Contributed by Christopher Bentley on Feb 6th, 2022. Artwork published in
circa 1972
“2 Tones for That Great Illusion!” page in Frederick’s of Hollywood catalogue 1972
Source: Scan: J.J. Englender at Adsausage. License: All Rights Reserved.

With the very kind permission of J.J. Englender at Adsausage I am able to make a third font use contribution under Davison Arabesque, this example thereof appearing on page 59 of a 1972 catalogue by Frederick’s of Hollywood. Sadly, unlike my two previous contributions related to Davison Arabesque, Of Course You Can Sew! and Diabolus, this is not in mixed cases, but it still is a fairly eye-catching example of its use.

Frederick’s of Hollywood (founded in 1947 by the inventor of the push-up bra, Frederick Mellinger) no longer exists as a chain of physical stores (as of 2015). However, in a sort of tribute to its catalogues, it still exists as an online only store at It is notable, though, that Frederick’s has apparently abandoned the outerwear market that it clearly occupied at the time of this catalogue.

The artwork for the catalogues was provided by Dorothy Kahn (1922–2000), about whom one can read more at KahnArt on Zazzle.


  • Filmotype Vigus
  • Univers
  • Theme




Artwork location

4 Comments on ““2 Tones for That Great Illusion!” page in Frederick’s of Hollywood catalogue 1972”

  1. Thanks, Christopher!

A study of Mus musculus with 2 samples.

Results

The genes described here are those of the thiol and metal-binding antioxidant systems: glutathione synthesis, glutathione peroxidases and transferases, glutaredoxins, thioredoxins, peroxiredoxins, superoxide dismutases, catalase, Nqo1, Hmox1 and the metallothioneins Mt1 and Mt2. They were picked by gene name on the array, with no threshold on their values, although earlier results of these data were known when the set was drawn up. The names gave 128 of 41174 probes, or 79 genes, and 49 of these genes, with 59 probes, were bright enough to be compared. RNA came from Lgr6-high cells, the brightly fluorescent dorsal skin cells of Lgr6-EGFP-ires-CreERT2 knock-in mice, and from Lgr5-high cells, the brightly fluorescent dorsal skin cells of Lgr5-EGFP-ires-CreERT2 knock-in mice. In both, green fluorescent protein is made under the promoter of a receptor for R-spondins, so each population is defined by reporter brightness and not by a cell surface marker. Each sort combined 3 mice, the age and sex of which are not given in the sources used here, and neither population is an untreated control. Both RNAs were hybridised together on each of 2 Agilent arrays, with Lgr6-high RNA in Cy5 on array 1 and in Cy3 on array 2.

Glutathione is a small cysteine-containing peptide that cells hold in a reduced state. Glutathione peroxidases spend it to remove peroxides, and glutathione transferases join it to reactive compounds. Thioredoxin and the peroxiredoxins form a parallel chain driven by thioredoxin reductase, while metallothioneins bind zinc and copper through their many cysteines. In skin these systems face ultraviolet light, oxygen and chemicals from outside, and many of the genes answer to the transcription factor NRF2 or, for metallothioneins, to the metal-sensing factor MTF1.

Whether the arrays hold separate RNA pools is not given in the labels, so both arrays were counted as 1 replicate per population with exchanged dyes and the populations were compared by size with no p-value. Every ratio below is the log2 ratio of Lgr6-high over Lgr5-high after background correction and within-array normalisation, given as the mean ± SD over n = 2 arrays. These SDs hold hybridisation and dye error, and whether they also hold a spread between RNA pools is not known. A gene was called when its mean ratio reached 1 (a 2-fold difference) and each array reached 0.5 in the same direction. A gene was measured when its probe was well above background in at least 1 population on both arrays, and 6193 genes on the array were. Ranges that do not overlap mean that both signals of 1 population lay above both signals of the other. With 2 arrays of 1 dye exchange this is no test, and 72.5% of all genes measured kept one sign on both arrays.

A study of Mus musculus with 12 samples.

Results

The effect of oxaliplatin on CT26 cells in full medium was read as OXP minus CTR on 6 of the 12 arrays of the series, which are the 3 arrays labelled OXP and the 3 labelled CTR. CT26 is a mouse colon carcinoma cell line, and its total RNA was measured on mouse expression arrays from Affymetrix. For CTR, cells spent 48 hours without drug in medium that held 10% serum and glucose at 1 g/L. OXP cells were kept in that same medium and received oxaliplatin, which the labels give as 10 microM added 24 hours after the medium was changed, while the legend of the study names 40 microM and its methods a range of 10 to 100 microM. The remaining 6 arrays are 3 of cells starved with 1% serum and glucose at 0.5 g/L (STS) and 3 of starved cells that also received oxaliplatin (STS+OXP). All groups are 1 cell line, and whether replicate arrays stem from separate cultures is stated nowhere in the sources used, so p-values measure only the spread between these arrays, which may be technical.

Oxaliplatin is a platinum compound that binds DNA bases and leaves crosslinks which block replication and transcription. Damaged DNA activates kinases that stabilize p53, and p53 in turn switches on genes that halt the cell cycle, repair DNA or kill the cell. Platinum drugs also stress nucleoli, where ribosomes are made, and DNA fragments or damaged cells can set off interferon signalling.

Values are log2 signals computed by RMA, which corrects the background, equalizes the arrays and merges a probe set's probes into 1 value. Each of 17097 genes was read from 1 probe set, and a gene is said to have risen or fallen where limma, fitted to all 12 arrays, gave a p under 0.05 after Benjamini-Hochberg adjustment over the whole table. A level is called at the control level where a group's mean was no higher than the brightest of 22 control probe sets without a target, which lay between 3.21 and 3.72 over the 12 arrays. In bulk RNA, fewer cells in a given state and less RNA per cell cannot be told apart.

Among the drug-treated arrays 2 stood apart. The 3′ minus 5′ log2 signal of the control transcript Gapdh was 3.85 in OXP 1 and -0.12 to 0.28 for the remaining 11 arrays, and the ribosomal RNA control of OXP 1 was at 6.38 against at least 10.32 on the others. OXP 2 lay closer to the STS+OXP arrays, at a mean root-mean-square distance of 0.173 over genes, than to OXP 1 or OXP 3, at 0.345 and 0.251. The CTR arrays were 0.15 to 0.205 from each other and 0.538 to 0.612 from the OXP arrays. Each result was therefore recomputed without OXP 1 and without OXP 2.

All smaller type on this page is set on an IBM Selectric Composer, using their adaptation of Univers and, for “100% Money Back Guarantee”, the exclusive Theme.

  2. Thanks!

    I think Lizzie Bramlett at The Vintage Traveler will love this when I tell her about it, with it involving vintage fashion.

  3. So far, we had merged Davison Arabesque and Filmotype Vigus into one typeface entry. Both are phototype interpretations of an untitled “poster and sign card alphabet” by J.M. Bergling shown in his Art Alphabets & Lettering (1914). I now decided to give Vigus an entry of its own.

    This version originated at Filmotype in or before 1970, and also was known as Unicorn. Unlike Davison Arabesque (PLINC, 1968), it doesn’t have a lowercase. Vigus is also distinguished by a few details. Most strikingly, the gaps in A B R are smaller, S has a smaller top aperture, J doesn’t descend below the baseline, and its K has a curved arm and a hooked leg. The font used for the catalog page shown here hence is Vigus, not Arabesque.

    Glyph set of Vigus AKA Unicorn as shown in Berthold’s E1 catalog from 1974, with Filmotype credits

    For comparison: a one-line sample for Davison Arabesque as shown in Pyschedelitypes (Alphabet Directions No. 8), Photo-Lettering, Inc., 1968. See especially the differences in A, B, and S. Scan: Stephen Coles (CC BY-NC-SA)

  4. Thanks for pointing this out, Florian. I was wondering what had happened to that font use contribution with it appearing under a different font now, but I can see those differences on closer inspection. It’s all part of the education of being a 'Fonts In Use’ contributor!